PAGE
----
Daryl Plummer, the Analyst at Gartner with oversight of their Cloud Computing activity, offers an interesting post on the ways in which Cloud Computing will actually impact individuals;
“Now that is actually different than what many Cloud aficionados are doing. They, I would argue, are still focusing on how infrastructure and software will be the difference in the Cloud. I don’t feel that way. The real difference that the cloud will bring about will be in how people interact with the services they care about.”
Using his admiration for the iPhone as the hook (yes, I like mine too), Daryl goes on to argue that;
“Make no mistake. The cloud is about services – not about infrastructure or software. And, what people do with those services will be the most telling bits of reality surrounding this emerging phenomenon called Cloud computing.”
The infrastructure and the software are, of course, vitally important components in realising the Cloud’s potential, but Daryl clearly has a point when he reminds us that we’re all doing this for a reason. A significant proportion of those getting excited about the Cloud today are ‘just’ getting excited about the technology. They’re getting excited about speed, and size, and APIs, and technological disruption.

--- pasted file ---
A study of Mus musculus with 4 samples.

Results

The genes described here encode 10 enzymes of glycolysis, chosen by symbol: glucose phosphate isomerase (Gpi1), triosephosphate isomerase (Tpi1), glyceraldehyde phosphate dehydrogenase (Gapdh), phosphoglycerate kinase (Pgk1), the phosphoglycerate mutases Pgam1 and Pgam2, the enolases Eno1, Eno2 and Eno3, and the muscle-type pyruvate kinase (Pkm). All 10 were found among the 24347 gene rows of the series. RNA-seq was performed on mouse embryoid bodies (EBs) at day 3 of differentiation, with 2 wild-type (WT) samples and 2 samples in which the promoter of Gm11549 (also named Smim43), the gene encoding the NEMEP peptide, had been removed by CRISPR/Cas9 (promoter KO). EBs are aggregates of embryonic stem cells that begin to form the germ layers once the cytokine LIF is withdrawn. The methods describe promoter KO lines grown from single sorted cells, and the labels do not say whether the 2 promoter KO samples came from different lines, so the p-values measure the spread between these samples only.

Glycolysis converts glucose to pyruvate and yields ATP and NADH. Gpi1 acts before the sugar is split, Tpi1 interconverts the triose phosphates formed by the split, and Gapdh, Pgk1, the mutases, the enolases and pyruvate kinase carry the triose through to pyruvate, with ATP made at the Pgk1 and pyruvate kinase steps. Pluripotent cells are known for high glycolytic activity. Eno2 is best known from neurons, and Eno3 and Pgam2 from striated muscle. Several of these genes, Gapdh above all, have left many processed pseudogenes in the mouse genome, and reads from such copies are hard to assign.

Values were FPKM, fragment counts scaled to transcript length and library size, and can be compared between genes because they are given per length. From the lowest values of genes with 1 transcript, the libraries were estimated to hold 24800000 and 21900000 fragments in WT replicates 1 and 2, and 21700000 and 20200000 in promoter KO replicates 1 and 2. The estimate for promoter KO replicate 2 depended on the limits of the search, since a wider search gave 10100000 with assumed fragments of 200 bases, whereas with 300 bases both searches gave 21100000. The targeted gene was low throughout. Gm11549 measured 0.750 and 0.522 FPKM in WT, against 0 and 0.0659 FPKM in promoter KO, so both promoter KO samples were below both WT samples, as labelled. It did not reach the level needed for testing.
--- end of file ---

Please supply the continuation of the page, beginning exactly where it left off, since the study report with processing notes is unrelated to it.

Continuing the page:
I’m certainly interested in the technology, but I get excited by the things that become possible when it is put to work; when large sets of resources are put in the hands of a large and interconnected network of people.
That’s why I see so much opportunity in the convergence between the technological, social, economic and strategic threads so loosely labelled ‘Web 2.0,’ ‘Cloud Computing,’ ‘Semantic Web,’ and ‘Linked Data.’ Alone, each is technically interesting (and, possibly, even exciting.) Together, they move us to a whole different level. And that is what this site will increasingly be about.
It sounds as if Daryl may share at least some of those sentiments, and I look forward to the journey.